Aldine residents fired up over cement plant moving into neighborhood

ALDINE, Texas (KTRK) -- A passionate and sometimes tense meeting in east Aldine had Harris County Precinct 2 Commissioner Adrian Garcia offering to buy a piece of vacant property for $600,000, and Texas State Representative Armando Walle exchanged words with a heckler.

But the real fireworks came from the more than 100 neighbors fighting to keep a construction company from building a concrete batch plant along the Eastex Freeway near Little York.

The meeting in east Aldine was to provide the public a chance to formally submit comments to the Texas Commission on Environmental Quality regarding a permit application by Avant Garde Construction.

One-by-one, dozens of residents stood up to the microphone sharing three-minute stories and passionate pleas, begging Meliton Gomez and his son, Ivan, both of Avant Garde Construction Company to withdraw their application from the TCEQ.

"This area, within five square miles, has eight existing plants," said Garcia. "Most of which are generating complaints to my office, to the Public Health Department, to the Pollution Control Department, or to other governmental offices. So as much as we'd like to have faith folks would be a good actor, we have all too much evidence to show just the contrary."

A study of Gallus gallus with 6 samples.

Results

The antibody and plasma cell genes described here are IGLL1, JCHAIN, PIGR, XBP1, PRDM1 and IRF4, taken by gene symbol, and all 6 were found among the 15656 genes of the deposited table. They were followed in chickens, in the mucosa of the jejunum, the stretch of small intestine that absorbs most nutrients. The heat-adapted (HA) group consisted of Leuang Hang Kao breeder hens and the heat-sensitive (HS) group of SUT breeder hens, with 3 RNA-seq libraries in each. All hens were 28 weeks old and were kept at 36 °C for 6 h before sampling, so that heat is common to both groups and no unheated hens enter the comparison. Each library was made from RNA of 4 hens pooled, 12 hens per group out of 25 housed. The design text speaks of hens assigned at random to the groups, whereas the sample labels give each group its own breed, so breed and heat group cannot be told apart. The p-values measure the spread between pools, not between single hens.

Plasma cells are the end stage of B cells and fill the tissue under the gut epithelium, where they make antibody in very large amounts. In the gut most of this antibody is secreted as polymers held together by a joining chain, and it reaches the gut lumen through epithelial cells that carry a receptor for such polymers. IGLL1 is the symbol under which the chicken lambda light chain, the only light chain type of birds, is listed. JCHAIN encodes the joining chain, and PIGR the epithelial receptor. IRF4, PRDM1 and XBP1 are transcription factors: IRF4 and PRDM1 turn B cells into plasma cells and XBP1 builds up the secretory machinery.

Gomez said his family bought a vacant lot along Eastex Freeway near Little York three years ago, with the intention to clean it up and build a business.

His family, from La Porte, later decided it would make a good place for a concrete batch plant with easy access to Highway 59, avoiding any neighborhood streets.

But the pushback from the community is strong. Their land sits just in front of James Driver Park, and next to a residential street.

James Driver Park was recently reinvigorated with millions of dollars spent to create the county's first all-inclusive park serving people with disabilities.

With another eight concrete batch plants nearby, the neighbors said they are too familiar with the air pollution from concrete dust and noise pollution from the trucks of a business allowed to operate 24 hours a day.

They also voiced environmental concerns and property value concerns.

Gomez, who says he has 25 years of experience in the petrochemical industry-leading operations, chemical research and development, said this concrete batch plant would be a first for his construction company.

During a brief presentation, which was interrupted several times by the audience, he and his son addressed the location of their commercial site and mitigation efforts for their operation, including using the newest air abatement equipment.

Their promise to the community did little to quell the passionate crowd.

"Your business is not worth the lives of me and my community," said one speaker.

Gomez declined to speak with ABC13 on camera. The TCEQ will provide an answer to Avant Garde's application at a later date.